Summer greetings! I hope that this newsletter finds you in the excitement of the possibilities of summer vacation. I know that you did not ask for my advice, but I would like to humbly offer some to you who will be enjoying summertime with children… especially gifted children! As a mom of five kids I think I may have some tips that will make your summer especially meaningful to you and yours no matter what their age.
My first piece of advice? Put a tight, short limit on the amount of device time allowed this summer. Believe it or not, it may take some practice to get out of the habit of “needing” this device time. However, they will thank you for it in the end. Kids may feel bound to their devices because their social life and entertainment is held within the technology. But if you limit the time allowed, your child will find other activities to fill that time. There is a certain amount of stress that comes with being “connected”. We all feel it! You can help your child by limiting the time. Their friends will quickly learn that they will not respond immediately, but they will respond. And the pressure is off your child for not responding because it is you setting the time limit.
After that free time is found, the sky’s the limit! There are educational and fun opportunities everywhere and you don’t have to spend a fortune. The library will be a great resource for research materials for projects, activities and vacation ideas.
At home, make sure that you have plenty of building materials at hand. Your kids may enjoy researching the types of birds in your area and the appropriate feeding stations and houses for them. They can design and build based on their research. Bees (Mason), butterflies and bats also appreciate handmade shelters. Science projects that use household materials are easy to create in the backyard or at the kitchen table. Make yogurt or cheese. Make a compost site and propagate red worms. Kite flying may seem like it’s become a lost leisure time activity, but I can tell you that when our kids flew their kites, the entire town took notice of the flying bi-plane, pirate ship, and skate boarder kites. It would even draw people in from the river and lakes to see the kiters. All ages of children will be thrilled by how spectacular model rockets look in the summer skies and the exercise that comes with chasing them down as they parachute to the ground is an added bonus. Giving your kids tree, plant and animal identification keys will entertain them for hours. Start a garden. Find a pen pal overseas. Buy a journal to record the summer. Make music. Read. Read. Read. Make sure that they have access to a fairly good microscope, magnifying glass and perhaps even a telescope. You never know when something might grab their attention and they’ll want to see it closer. Spend time in local lakes, ponds, marshes, parks, swamps, woodlands and prairies. Sit quietly and observe for 10 minutes (or more!) “Unplug” yourself as well and enjoy! The time spent “being” while you are there will refresh your soul and a new discovery may be made!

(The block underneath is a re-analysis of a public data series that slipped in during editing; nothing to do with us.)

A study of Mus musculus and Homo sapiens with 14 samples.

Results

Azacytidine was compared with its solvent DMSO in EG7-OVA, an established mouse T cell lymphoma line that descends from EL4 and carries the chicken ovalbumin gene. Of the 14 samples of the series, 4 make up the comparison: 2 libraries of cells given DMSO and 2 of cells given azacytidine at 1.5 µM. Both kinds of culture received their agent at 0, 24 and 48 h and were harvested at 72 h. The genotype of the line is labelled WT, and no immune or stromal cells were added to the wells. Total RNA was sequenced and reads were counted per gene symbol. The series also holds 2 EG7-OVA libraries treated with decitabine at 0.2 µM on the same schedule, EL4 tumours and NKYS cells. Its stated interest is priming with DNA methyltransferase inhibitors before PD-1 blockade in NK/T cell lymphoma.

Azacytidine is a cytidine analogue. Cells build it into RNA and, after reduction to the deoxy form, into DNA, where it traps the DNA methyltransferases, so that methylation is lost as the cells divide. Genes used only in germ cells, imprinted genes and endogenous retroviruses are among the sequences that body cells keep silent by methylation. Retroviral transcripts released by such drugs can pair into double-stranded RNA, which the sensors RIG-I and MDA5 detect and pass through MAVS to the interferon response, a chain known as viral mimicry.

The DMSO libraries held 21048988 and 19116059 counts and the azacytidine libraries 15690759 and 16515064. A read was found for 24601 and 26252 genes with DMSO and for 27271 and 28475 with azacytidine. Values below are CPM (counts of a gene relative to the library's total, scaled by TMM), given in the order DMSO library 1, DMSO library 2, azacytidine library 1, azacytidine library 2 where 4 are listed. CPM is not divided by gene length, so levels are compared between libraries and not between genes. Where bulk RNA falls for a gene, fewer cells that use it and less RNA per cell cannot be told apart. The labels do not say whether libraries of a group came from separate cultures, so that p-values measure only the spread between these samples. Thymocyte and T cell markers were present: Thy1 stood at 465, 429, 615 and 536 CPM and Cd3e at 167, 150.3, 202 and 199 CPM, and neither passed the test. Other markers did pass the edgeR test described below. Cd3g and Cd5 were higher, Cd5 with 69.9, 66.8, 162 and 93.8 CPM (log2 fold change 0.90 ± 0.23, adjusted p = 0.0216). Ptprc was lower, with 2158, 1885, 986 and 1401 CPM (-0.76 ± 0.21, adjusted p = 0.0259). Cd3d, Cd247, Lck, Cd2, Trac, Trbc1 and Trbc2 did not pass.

Vacations can offer different opportunities that you may not be able to find at home. Make sure that you check out things like:
The list goes on and on! Summer offers time for relaxation and learning opportunities. I hope that you can take some time to enjoy it with your children. It’s amazing what is out there… right outside your door… Your gifted children will appreciate you feeding and nurturing their voracious appetite for learning in a relaxed and peaceful summer setting. Pressure off for all of you!
We’d love to have you share your family’s summer ideas with us to be published in the July newsletter. Please send a list or a single item to firstname.lastname@example.org so that we might include it in the next newsletter. Like I said, you get the best ideas when you ask for them! Here’s to summer! Enjoy!
From the President
"At the beginning of the training process for gifted and regular classroom teachers, they need to learn the skills of the trade."